In the Wine News!
It’s been a while, so let’s see what’s happening in wine news!
First up, someone bucking for coal in their Christmas stocking broke into Sparkman Cellars in Washington State and destroyed hundreds of thousands of dollars’ worth of wine! According to Wine Spectator:
The surveillance cameras at Sparkman Cellars in Washington state recorded the masked intruder entering the winery at approximately 10:30 p.m. on the night before Thanksgiving. The trespasser entered through a side door, then moved into the room where fermentation vats are housed before disappearing from view. Moments later, a gush of wine could be seen spilling all over the floor.
The damage? Two tanks holding 4,800 gallons of a white blend from the 2023 vintage. All the wine—approximately 1,800 cases worth—was ruined, costing Sparkman an approximate $600,000 in revenue.
No word as to why someone would do such a thing. Thankfully no one was hurt during the break-in. So if you’re in the Washington area and run across someone whose shoes smell of wine, alert the authorities!
Next, all the cool kids are playing with artificial intelligence (AI), so why should wine be any different? According to Decanter.com:
A team from the University of Geneva in Switzerland used artificial intelligence to assess the chemical composition of 80 red wines from seven different châteaux.
They used wines from 12 different vintages between 1990 and 2007, all from renowned estates in Bordeaux.
The researchers vaporised the wines and broke them down to chemical components, resulting in a readout for each wine. The readout is known as a chromatogram, and it has around 30,000 points representing separate chemical compounds.
The team then used 73 chromatograms to train the AI, along with data on the vintage and the estate that produced the wines.
Researchers then tested the algorithm on seven chromatograms that were held back to see if it could guess which estate had produced the wines.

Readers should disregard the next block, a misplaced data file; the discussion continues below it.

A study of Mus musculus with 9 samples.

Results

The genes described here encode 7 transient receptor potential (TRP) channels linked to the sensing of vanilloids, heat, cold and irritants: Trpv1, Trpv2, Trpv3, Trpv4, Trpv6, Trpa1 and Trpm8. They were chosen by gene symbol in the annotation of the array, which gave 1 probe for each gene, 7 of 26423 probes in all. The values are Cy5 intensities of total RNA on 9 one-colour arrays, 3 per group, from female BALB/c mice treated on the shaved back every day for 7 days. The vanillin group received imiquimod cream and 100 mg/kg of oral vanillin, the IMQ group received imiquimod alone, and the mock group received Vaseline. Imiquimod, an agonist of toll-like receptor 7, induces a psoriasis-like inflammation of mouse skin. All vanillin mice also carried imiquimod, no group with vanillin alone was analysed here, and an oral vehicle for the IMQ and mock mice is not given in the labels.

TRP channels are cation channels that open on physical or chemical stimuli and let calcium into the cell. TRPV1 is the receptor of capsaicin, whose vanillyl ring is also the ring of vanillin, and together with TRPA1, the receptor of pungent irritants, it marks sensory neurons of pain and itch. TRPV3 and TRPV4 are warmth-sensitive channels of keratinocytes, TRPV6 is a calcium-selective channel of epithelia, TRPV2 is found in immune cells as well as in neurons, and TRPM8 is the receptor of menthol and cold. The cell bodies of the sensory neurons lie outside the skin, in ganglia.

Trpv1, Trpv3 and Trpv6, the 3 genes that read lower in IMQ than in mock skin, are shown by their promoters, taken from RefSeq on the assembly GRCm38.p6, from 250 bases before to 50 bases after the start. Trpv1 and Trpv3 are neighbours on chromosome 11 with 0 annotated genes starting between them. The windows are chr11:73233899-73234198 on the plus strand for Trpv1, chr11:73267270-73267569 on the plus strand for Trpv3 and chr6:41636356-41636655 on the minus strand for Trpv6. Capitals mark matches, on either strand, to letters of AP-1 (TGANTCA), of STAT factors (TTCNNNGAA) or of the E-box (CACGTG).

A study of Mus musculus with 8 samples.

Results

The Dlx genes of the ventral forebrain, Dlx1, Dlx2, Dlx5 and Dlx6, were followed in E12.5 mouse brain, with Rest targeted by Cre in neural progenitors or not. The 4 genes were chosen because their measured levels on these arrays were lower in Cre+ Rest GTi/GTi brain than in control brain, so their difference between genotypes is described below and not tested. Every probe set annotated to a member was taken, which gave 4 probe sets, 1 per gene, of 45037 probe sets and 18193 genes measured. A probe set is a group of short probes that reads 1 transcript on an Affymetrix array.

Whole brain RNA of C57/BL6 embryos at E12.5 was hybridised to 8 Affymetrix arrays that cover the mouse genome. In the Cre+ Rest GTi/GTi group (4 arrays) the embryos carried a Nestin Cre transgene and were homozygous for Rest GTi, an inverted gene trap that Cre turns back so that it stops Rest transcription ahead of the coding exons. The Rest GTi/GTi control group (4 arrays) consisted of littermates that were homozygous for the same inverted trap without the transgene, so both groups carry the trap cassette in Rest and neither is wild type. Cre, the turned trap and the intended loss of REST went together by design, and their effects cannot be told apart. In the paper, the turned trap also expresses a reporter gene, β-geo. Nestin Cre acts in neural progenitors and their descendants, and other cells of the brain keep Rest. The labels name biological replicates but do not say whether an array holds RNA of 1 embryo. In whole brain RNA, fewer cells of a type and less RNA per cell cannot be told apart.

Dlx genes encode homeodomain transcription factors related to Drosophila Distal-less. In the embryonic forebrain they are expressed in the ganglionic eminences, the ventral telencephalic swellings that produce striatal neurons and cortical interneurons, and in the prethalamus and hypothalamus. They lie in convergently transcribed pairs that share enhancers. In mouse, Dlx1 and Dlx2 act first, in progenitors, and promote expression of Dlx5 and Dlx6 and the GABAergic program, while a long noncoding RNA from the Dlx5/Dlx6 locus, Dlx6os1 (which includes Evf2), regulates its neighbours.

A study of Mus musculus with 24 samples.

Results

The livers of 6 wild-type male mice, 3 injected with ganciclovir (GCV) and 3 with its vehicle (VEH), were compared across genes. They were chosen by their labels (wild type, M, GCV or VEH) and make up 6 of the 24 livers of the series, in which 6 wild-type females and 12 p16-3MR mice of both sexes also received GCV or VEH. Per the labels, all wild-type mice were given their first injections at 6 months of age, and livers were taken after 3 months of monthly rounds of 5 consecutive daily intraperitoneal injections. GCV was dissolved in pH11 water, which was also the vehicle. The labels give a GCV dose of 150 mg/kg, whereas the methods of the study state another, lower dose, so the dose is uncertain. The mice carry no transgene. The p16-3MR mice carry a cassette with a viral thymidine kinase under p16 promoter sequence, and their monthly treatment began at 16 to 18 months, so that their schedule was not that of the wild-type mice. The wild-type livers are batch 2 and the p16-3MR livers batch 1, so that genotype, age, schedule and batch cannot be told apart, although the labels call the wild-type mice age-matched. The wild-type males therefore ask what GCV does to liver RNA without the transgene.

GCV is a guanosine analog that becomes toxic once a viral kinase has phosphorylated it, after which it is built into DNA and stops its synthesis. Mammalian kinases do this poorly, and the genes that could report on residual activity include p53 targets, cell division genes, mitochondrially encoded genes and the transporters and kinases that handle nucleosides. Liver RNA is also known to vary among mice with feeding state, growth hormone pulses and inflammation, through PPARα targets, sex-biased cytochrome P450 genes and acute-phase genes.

It managed to do so with 100% accuracy. The researchers repeated the process 50 times, changing the wines used each time, and the algorithm consistently earned full marks.
These chromatographs can be used like wine fingerprints, to crack down on counterfeiting. And hey, maybe they can be used to identify people who were standing in 4,800 gallons of wine!
And sadly, we must pour one out for Mike Grgich. Reported in multiple outlets but quoting Wine Spectator again:
Miljenko "Mike" Grgich, a longtime Napa Valley winemaker who was best known for crafting the famed 1973 Chateau Montelena Chardonnay that won the Paris Tasting of 1976, died on Dec. 13. He was 100.
Over his decades in wine, Grgich worked at several trailblazing California wineries. He also helped perfect several winemaking techniques in California, including cold sterilization and controlled malolactic fermentation. He also spearheaded research with U.C. Davis professor Carole Meredith into the roots of California Zinfandel, eventually tracing it back to his native Croatia.
And he founded his own Grgich Hills Estate winery in Rutherford, CA. RIP, sir.
Got any questions about wine gifting or what to pair with your holiday dinner? Hit me up in the comments!